Posted: 11/01/2024

This series of ‘back to the future’ articles looks at the Social Housing (Regulation) Act 2023, the changes made, and what social housing providers should be aware of, as well as examining whether it is entirely new law, or a re-invention of something previously seen within the social housing sector.

This is the fourth article in the series, which looks at ‘Awaab’s Law’.

The Social Housing (Regulation) Bill (as it then was) was amended following the tragic death of Awaab Ishak to enact what the government has called ‘Awaab’s Law’, to force social landlords to fix damp and mould within strict time limits.

Awaab’s Law amends the implied repairing obligations in the Landlord and Tenant Act 1985. A new section 10A is inserted in respect of social housing tenancies only. It implies a term that the landlord will comply with ‘all prescribed requirements that are applicable to that lease’. The secretary of state must make regulations which require the landlord to take action in respect of prescribed hazards within specified timeframes. 

The government has launched a consultation on Awaab’s Law – which closes on 5 March 2024 – in order to determine how long a landlord should be given to deal with hazards. The consultation sets out seven proposals, on which responses are sought. These are:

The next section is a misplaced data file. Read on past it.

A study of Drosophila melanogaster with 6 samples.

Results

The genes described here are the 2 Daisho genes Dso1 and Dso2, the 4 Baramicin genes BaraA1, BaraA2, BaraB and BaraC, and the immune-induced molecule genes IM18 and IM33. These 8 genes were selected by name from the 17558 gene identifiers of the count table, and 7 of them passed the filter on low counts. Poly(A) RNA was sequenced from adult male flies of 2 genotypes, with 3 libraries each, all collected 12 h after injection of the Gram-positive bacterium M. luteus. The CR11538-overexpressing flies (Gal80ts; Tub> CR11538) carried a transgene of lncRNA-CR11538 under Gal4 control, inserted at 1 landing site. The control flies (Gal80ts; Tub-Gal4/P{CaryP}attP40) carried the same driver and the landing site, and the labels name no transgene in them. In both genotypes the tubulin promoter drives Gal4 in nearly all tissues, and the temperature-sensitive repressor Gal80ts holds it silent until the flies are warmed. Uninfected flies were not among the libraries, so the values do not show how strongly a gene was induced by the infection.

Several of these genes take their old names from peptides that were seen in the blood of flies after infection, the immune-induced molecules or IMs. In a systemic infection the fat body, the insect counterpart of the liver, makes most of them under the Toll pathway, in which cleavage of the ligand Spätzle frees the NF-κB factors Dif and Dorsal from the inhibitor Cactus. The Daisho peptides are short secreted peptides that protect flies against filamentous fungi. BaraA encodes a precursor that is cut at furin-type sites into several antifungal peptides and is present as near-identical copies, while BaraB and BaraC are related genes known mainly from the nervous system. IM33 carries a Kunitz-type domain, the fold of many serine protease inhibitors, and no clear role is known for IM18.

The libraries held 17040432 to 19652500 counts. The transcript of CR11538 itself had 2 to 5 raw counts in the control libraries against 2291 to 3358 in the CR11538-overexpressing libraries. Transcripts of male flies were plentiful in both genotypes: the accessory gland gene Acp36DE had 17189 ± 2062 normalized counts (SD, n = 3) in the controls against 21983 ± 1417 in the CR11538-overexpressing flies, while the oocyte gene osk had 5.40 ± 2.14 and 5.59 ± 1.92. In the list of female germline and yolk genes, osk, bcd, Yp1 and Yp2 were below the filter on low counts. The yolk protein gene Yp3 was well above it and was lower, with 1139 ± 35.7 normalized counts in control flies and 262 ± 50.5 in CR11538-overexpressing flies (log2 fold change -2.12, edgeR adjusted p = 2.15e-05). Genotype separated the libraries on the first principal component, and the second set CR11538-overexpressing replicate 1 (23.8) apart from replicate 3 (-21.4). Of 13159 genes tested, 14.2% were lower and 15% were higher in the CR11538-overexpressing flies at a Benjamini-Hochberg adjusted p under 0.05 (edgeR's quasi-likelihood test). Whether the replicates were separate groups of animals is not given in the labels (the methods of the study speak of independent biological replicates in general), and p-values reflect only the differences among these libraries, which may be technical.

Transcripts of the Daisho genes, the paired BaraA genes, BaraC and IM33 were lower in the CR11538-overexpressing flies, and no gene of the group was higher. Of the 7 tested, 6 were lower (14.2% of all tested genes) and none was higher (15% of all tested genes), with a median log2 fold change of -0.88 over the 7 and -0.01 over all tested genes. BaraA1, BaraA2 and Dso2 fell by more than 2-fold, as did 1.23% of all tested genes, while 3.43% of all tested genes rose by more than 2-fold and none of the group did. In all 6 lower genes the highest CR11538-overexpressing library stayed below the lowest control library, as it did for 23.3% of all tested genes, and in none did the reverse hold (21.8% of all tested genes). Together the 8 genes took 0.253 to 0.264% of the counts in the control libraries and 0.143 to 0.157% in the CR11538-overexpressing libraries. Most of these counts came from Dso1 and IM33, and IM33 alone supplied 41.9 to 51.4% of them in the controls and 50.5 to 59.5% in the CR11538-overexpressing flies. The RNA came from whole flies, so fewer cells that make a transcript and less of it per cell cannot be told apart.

• The landlord should investigate the hazard within 14 days of being made aware of that potential hazard.
  • The landlord should provide a written summary of findings to the resident within 14 days of being made aware of the potential hazard. The summary must include details of any hazard identified and next steps, including an anticipated timeline for repair and a schedule of works.
  • If hazards are identified, works must begin within seven days of the written summary being issued.
  • Works should be completed within a reasonable period of time.
  • Landlords must action emergency repairs as soon as practicable and, in any event, within 24 hours.
  • If the investigation finds a hazard that poses a significant or imminent risk of harm or danger and the property cannot be made safe within the specified timescales for Awaab’s Law, the landlord must offer temporary accommodation until the property is made safe.
  • The landlord must keep clear records of all attempts to comply with the proposals.

The outcome of the consultation will determine the final timescales and requirements that will make up Awaab’s Law. If the above proposals are all brought in, there is still much scope for argument about the severity of hazards and whether they constitute an emergency, what constitutes a ‘reasonable period of time’, and whether temporary accommodation should be provided. Landlords will need to keep very clear records of their investigations into defects and be able to justify decisions made regarding works and temporary accommodation.

So, it is a new law, but is it that new? Current legislation requires works to be completed within a ‘reasonable’ period of time, so this amendment to existing legislation essentially adds more detail to that requirement, with some added timescales to get works started and deal with urgent issues.

To see the government consultation, see here.

Our next ‘back to the future’ article will look at the regulator’s new powers. Subsequent articles in this series will consider the following aspects: consumer regulation and electrical safety.